Friday, 13 November 2009

you scream, i scream OMG ICE CREAM

before my nerd mood expires (summer holidays, aw yeah boi), here's the 2009 nobel prizes in a nutshell:

nothing particularly mind-blowing here. ever done cell biology 101? then you might remember ribosomes. basically every cell in your body makes rna, and ribosomes translate rna into proteins. it's not as interesting, exciting and shiny as jellyfish science, but it's probably one of the more applicable discoveries in recent decades.

got a sore throat? taking antibiotics for it? half the time those antibiotics are designed to attack bacterial ribosomes, but not yours. see. science works. like magic. in your face, harry potter.

physiology and medicine

now, this is interesting stuff. you never really think about it, but every time your cells divide, it loses a bit of its dna. just like how i lose a bit of my soul every time i watch a harry potter movie. really, sometimes the pain is physical. but then, emma watson appears and makes it all better. i digress.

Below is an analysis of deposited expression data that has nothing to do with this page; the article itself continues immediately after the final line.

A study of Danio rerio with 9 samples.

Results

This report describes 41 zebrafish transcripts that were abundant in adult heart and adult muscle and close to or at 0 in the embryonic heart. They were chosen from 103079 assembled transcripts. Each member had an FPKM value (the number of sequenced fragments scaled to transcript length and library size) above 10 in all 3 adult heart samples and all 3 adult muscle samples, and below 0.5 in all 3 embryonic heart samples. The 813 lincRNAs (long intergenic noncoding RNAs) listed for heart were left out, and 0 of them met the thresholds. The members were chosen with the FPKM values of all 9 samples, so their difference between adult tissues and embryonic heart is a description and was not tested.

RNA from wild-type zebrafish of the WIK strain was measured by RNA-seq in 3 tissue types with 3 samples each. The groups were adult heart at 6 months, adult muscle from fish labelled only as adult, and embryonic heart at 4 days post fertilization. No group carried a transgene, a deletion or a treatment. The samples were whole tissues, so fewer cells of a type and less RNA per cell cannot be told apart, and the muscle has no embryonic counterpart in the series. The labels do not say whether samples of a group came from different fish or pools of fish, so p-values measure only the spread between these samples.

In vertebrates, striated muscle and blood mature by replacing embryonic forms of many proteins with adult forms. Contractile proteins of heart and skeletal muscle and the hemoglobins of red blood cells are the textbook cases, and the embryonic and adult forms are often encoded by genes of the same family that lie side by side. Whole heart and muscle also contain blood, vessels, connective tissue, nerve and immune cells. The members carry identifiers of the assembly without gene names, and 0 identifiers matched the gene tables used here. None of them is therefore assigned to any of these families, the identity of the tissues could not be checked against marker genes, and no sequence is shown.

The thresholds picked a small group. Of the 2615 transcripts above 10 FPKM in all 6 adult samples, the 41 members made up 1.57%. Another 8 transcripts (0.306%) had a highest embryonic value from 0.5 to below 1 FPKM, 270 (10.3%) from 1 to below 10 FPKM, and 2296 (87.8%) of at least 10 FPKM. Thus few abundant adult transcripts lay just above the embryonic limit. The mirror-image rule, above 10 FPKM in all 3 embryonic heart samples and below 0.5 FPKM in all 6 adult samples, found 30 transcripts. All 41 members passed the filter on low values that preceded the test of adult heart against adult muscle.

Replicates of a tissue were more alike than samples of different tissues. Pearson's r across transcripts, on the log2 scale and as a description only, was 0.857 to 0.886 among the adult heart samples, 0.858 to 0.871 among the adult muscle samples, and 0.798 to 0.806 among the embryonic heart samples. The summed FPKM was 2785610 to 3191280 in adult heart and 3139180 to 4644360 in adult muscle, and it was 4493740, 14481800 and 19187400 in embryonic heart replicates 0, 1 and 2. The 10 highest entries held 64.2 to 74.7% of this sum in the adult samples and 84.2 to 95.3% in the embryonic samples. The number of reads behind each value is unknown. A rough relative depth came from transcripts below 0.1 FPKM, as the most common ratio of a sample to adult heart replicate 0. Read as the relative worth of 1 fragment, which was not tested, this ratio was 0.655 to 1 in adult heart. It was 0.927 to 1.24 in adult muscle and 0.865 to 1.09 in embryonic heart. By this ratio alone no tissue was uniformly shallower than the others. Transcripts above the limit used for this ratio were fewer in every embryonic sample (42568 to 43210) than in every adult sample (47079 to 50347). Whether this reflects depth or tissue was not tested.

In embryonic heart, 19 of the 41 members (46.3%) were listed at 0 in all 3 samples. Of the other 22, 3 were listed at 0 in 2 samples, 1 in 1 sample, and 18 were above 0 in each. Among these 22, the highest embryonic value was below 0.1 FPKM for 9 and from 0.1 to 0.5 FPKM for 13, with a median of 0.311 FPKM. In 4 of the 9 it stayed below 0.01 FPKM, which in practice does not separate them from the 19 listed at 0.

so, without going into the intricacies of how cells divide, let's just take for granted that your chromosomes (the bits of dna in your cells) have to copy themselves each time your cells divide. if every time they divided, they lost a bit at their ends, that effectively gives a form of mortality to the dna, right? you could divide only so many times before you ran out of dna. well, it's kind of like that - at the ends of each chromosome, you have these dna fragments which don't really code for anything (remember that dna is a template for loads of things, from proteins to regulatory cues to trna... yeah let's not go there). but you can't really keep cutting off the ends and losing information...

so you have these telomeres, which are non-coding dna repeats, that your cell can afford to lose each time it divides. still, that just means you've got a head start for division, but these telomeres are gonna run out at some point, right? yes and no. most cells in your body do have this limitation, about 50 divisions and it's done. throw in the towel. long kiss goodnight. wipe yourself off, you dead.

but some special cells have the enzyme telomerase, which just makes new telomeres. pretty neat, huh. well, i hope i didn't bore anyone too much. here, have a picture of emma watson. or daniel radcliffe, if you prefer.